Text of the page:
Participants recall perilous voter registration drives of 1960s

By Mary Silver
Epoch Times Staff
Created: September 25, 2012 Last Updated: September 25, 2012
Related articles: United States » South

Southern Christian Leadership Conference President C. T. Vivian, Rep. Hank Johnson (D-Ga.), Congressman John Lewis (D-Ga.), Rep. David Scott (D-Ga), and League of Women Voters of Georgia President Elizabeth Poythress descend the state Capitol steps to march to the Fulton County Voter Registrar's office. (Mary Silver/Epoch Times)

ATLANTA—Former Freedom Riders U.S. Rep. John Lewis (D-Ga.) and 88–year–old Southern Christian Leadership Conference President C. T. Vivian strode down Martin Luther King Jr. Drive, leading a loud, chanting, singing crowd. A burly white man parked his big American car, adorned with a Romney–Ryan sticker. He emerged, waved, and called to Lewis, “ Hi, John! I love you!”

Lewis replied, “I love you too, my brother.” 

Things took on a special flavor here.

Lewis and Vivian were marking the first National Voter Registration Day, joining Georgia Reps. Hank Johnson (D-Ga.) and David Scott (D-Ga.) and representatives from the League of Women Voters, the National Association for the Advancement of Colored People, the Asian American Legal Advocacy Center, the Georgia Association of Latino Elected Officials, and others.

On the steps of the state capitol, Lewis said what he often does, “The right to vote is precious, almost sacred.”

Lewis compared the 34 state voter ID laws to the barriers to voting he met in his youth in Alabama, such as literacy tests and being asked to estimate the number of jelly beans in a jar.

“What would happen if members of Congress—maybe even the president of the United State—showed up at a polling place without an ID? Would they be denied the right to vote?” asked Lewis. 

“We must eliminate every barrier and impediment to the electoral process to make voting fair, accessible, and an accurate representation of the will of the people,” said Lewis. 

In an interview after the march, Lewis said that he plans to reintroduce his Voter Empowerment Act in next year’s Congress. Sen. Kirsten Gillibrand (D-N.Y.) will sponsor a version of it in the Senate this week. The legislation would federalize voting laws and registration deadlines. 

“We must eliminate every barrier and impediment to the electoral process to make voting fair, accessible, and an accurate representation of the will of the people.”

—John Lewis, congressman (D-Ga.)

Lewis told the crowd, “Jimmy Carter said it once, ‘It should be easy to vote, as simple and easy as getting a glass of water.’”

“We’re just going to talk a little while here, and then we’re going to walk,” said Lewis. “That’s it, that’s it!” cried several in the crowd.

Rep. David Scott (D-Ga.) listed abolitionists and civil rights movement martyrs, from Frederick Douglass to James Chaney, Andrew Goodman, and Michael Schwerner.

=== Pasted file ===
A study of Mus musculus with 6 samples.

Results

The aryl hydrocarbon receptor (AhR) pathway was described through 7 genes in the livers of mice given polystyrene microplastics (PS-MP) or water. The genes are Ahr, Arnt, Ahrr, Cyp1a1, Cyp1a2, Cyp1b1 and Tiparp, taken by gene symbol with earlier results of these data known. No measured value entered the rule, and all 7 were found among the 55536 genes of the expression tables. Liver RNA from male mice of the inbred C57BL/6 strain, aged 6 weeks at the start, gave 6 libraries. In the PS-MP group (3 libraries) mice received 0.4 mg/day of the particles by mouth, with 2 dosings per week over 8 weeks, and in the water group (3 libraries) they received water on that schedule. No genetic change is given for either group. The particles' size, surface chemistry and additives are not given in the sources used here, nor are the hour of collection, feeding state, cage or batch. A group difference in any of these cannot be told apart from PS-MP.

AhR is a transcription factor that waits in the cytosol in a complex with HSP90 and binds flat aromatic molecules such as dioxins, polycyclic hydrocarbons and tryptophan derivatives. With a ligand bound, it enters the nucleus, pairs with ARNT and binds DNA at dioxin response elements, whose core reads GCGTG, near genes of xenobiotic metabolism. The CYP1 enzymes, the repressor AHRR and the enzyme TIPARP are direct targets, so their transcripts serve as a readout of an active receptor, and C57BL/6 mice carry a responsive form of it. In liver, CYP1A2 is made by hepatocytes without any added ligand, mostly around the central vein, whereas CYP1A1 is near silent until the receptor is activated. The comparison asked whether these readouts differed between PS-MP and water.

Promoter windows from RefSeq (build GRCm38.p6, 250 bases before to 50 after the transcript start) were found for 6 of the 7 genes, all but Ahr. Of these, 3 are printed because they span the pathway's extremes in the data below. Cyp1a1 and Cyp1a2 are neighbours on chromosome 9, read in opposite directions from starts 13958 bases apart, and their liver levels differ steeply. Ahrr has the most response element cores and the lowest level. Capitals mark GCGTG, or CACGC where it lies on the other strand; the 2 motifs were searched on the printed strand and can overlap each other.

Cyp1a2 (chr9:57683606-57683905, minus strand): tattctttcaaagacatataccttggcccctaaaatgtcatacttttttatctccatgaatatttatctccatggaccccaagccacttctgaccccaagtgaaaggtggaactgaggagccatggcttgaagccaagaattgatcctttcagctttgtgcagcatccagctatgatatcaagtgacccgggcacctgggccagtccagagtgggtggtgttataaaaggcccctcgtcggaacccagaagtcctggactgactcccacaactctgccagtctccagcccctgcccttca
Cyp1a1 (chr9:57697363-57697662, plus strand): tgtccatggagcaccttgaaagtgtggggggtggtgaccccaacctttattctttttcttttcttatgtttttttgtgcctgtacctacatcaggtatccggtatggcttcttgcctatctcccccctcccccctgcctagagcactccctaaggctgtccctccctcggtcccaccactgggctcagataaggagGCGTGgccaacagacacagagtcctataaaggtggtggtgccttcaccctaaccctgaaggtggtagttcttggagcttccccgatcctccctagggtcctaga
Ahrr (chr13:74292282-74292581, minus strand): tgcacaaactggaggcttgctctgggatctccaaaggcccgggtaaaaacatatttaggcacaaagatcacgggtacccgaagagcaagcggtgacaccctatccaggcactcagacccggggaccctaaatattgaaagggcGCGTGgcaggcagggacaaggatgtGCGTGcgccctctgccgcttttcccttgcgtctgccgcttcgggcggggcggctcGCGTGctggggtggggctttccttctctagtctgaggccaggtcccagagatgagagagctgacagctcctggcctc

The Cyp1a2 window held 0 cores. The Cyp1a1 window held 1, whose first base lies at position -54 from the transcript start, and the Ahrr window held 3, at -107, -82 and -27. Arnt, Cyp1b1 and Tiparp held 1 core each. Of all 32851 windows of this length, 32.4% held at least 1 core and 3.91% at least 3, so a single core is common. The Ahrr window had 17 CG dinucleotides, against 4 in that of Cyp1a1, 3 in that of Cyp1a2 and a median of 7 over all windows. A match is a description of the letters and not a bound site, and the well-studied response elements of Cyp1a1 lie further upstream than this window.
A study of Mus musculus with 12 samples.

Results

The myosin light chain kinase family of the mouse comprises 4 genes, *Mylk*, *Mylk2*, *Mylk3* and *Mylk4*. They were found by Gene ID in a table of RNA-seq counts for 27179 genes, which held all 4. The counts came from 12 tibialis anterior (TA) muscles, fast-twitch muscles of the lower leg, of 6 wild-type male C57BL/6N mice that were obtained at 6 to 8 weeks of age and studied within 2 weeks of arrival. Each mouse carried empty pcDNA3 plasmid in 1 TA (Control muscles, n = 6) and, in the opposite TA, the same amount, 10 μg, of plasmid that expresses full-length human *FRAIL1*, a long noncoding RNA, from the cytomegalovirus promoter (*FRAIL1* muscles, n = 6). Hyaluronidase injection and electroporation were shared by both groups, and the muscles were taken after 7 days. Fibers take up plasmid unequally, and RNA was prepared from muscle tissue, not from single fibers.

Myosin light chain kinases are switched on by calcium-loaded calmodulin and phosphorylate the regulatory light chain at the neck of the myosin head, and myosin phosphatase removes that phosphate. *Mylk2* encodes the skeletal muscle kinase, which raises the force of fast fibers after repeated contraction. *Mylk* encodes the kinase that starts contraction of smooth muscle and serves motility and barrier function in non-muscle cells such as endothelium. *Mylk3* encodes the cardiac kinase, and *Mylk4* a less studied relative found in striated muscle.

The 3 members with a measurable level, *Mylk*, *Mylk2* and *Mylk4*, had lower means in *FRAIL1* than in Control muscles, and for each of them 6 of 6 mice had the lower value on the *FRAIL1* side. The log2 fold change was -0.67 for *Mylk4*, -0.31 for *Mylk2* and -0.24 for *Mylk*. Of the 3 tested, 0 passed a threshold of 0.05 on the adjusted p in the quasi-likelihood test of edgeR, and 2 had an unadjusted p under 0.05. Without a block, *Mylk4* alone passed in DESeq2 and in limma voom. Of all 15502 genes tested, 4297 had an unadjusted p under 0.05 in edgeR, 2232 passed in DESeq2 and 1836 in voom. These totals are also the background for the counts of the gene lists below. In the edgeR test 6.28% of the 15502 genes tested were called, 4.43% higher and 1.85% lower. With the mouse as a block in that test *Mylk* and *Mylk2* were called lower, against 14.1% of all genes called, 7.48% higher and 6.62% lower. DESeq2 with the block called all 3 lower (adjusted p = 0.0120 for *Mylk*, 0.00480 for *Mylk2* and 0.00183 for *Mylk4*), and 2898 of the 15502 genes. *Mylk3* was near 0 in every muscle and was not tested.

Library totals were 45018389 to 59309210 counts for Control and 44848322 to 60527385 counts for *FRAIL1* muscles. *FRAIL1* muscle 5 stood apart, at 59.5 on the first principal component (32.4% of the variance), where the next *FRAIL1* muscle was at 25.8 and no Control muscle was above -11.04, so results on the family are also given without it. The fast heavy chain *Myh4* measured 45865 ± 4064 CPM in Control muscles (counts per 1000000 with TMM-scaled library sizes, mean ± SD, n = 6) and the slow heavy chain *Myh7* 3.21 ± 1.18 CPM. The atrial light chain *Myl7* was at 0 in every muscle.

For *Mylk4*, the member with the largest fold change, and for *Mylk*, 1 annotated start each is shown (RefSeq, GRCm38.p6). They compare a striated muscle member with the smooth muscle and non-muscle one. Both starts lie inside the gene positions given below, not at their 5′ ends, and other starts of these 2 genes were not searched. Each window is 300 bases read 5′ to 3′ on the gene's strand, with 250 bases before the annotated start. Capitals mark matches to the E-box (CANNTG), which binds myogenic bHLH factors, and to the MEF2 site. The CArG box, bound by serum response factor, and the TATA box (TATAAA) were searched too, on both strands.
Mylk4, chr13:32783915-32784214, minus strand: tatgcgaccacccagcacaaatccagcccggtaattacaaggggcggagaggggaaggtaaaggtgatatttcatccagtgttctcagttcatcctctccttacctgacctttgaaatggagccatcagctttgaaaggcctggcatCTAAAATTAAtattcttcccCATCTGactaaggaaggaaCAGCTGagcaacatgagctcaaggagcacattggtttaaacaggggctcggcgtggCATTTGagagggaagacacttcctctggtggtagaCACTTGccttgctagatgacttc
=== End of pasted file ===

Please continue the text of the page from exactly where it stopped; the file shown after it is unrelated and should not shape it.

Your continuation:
He said, “All of these white and black people who gave their lives so we could vote. For goodness’s sake, don’t let Rosa Parks and Martin Luther King down. They are looking down from heaven on us, so get out there and vote!” Several people shouted in answer, “That’s right!”

Gus Dixon arrived early and stood near the podium with a video camera so that he could record the event for his six grandchildren. The Tuskegee Institute alumnus passes on the tradition of civic engagement by taking the children with him to the polls.

”The greatest thing is seeing them grow up, when you go into [polling] places and understand the freedom. They love the voting machines,” he said.

The crowd followed Lewis, Vivian, Scott, and Johnson to the Fulton County Voter Registrar’s office, where interim elections chief Sharon Mitchell described the county’s services of mobile free voter ID vans and printed sample ballots for those who are not tech-savvy and sample ballot apps for smartphone users.


    This white idolizing Black mortifying religious indoctrination process was used to make the African slaves more loyal to their masters. From the perspective of the slave masters, it made them better slaves. This conditioning has been left
    uncorrected and un-removed for generations.
    The effects of that brain washing scheme initially implemented more than four hundred years ago still continues upon the mind of millions of African Americans today. It is for this reason why it is not uncommon to visit a church with an entire Black congregation and find its walls stubbornly adorned with only pictures of white deities. The effects of that mental conditioning program have continued through many generational lines. These white deities are now so indoctrinated upon the minds, souls, and hearts of Black people that most will now angrily defend preferring them saying that the color of their deities are of no matter nor relevance. But given that this same group is often psychologically incapable of accepting Black depictions of their deities proves that color is of relevance-just as long as it remains white. For some Blacks it is so immense that they literally feel offended and a disdain towards Black depiction of their sacred deities. Are you guys ever going to address this issue or are you going to continue to go along to get along?